One of the first things people think of when they hear the word “student” is being poor…I did too. And I’m not about to tell you all that with a good bit of budgeting, there’s a way to be taking weekend trips on brand new yachts and buying pet horses – there isn’t (at least, not with just your student loan to live off!) – but I am going to give you a few tips on how to not feel as though you never have any money.
Here it is:
You’ve just arrived at University, unpacked and ready to go. You’ve got a nice chunk of money in the bank, courtesy of Student Finance, but now comes knowing what to do with it. So, what’s it to be? Go crazy and buy a new computer? Book a ski trip for the Christmas holidays? Save it for rent and use what’s left for food? I hope you know the right answer to this…
Book a ski trip, obvs. No, that’s a joke.
On a more serious note, budgeting is one of the trickiest things to do at University, especially when you know that all of your friends are going for a night out and for you it’s a case of joining them or having food in your cupboards. But with a bit of sensible budgeting (yes, it’s that dreaded word: ‘sensible’!), there’s no reason you can’t do both.
I’d advise making a simple expenses sheet. Whether this be hand written or on a computer (much easier to edit), you need it to show first how much money you have, and then all your regular expenses/things you know you need to pay out i.e. rent, food, equipment etc. Then you can see how much you have to spend (whoop!). Simple! If you do digital expenses, then you can set it up so that each time you add an expense, it will automatically up date how much you have left. Boring, boring, but very useful. Google is an amazing tool for learning how to make one of these.
But now comes the age-old complaint: I don’t have enough money. In most circumstances, what this actually means is: I’m spending more than I have.
So, how do you make more?
This is really just a more attractive way of saying, “how do I save more?”, but it basically means the same thing. Some of my friends were lucky enough to live off the Bank of Mum & Dad, but I wasn’t, which is why I’m writing this post. It’s unfortunate, but what you have to do if you’re in the same boat as me is to try and get a job. It’s the easiest and most rewarding way to earn a bit of spare cash. It doesn’t have to be many hours, just enough to keep you going. (McDonald’s is an excellent employer, and there are a few dotted around town – just sayin’).
It might take a bit of time, but there are also normally shops and restaurants hiring all through the year. Let me tell you: these places love students. Coventry University also regularly advertises jobs for us guys, and these are nice and flexible around your studies.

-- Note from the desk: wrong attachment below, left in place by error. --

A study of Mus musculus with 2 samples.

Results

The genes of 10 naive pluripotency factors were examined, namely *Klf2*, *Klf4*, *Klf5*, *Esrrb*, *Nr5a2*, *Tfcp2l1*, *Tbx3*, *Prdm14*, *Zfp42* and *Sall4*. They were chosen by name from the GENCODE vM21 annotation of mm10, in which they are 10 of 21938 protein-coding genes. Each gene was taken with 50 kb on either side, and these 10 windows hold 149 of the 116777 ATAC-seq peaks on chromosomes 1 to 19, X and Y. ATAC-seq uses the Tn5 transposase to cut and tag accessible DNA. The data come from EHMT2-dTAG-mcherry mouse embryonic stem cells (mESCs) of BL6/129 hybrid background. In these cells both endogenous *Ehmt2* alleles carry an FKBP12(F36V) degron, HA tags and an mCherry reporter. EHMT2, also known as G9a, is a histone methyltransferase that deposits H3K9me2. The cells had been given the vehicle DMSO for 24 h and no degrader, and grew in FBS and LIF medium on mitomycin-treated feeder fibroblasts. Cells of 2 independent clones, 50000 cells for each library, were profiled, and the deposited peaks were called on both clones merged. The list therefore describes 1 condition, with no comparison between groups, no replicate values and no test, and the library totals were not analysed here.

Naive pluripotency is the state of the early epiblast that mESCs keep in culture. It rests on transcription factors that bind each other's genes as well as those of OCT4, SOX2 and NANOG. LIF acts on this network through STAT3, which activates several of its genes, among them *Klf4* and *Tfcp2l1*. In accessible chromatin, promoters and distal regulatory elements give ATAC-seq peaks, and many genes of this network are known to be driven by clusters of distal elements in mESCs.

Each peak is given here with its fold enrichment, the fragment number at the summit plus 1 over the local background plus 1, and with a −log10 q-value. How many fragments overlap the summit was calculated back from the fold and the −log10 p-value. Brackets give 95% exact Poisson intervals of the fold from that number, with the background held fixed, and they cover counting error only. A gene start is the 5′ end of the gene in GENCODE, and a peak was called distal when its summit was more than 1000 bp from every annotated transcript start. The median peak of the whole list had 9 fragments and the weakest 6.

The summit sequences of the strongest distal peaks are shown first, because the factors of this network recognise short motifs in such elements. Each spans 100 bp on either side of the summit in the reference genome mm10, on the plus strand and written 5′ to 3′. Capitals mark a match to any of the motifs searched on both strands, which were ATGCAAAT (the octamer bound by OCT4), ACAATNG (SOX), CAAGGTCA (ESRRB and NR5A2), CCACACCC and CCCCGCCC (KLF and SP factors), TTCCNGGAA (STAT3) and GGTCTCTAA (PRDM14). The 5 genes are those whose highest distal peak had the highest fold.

There are other ways of making your money stretch, and these are through deals and freebies. The first relates specifically to Coventry University students: the IKEA Family Card – a card that can get you cheaper items, food and free coffee in the Restaurant during the week. The best thing about this is that there’s an IKEA slap-bang in the centre of Coventry. Take advantage!
Getting an NUS card is also a good way to go, as it can get you discounts on everything from travel to food. For example, when buying a (medium) meal at McDonalds, you can get a free McFlurry/small fries/cheeseburger if you have your card on you, and it can also get you cheaper cinema tickets – so don’t forget it. Another thing that’ll allow you to watch a movie on the cheap is an Orange sim card for 2 for 1 Wednesdays, though most of you probably know about this already.
The next tip: keep an eye out for anywhere that has a free loyalty/club card: Tesco, Nectar, Boots, Costa and more. Get one! You never know when this might come in handy, and the saying is true: you don’t get something for nothing (… except with IKEA, I suppose). With these loyalty cards, you may not get something for nothing, but you will be rewarded for using them. If you regularly get your Coffee from Costa (FYI, there’s one of these in The Hub), you’ll get something back by collecting points.
So, what about food shopping? You can save yourself a lot of money in a few ways. If shopping on your own, only buy what you need and don’t be afraid to get some of the cheaper products – they taste just as good! Also, offers are great, but if it’s an offer on something you wouldn’t normally buy, don’t be fooled into buying it just because it’s cheap. Sometimes, places will advertise 2 for 1 on products that you’ll only need one of for the next few months, like washing powder – don’t be fooled by false deals. The best way to save money on food shopping is actually to buy food between a group of you. It saves buying multiples of everything, when you could just share. This is especially true with perishables such as bread and milk. Move-in date is very soon, so here’s a tip for when you and your housemates turn up with the before-mentioned perishables: freeze them. They’ll keep until you’re ready to use them, and that way, you won’t have to chuck it out and buy more.
There are many ways to save money and stop yourself from spending more than you have. It just takes a bit of willpower and common sense. Use the tips in this post and if you’ve got any tips of your own that you want to share with your fellow students, feel free to comment in the box below!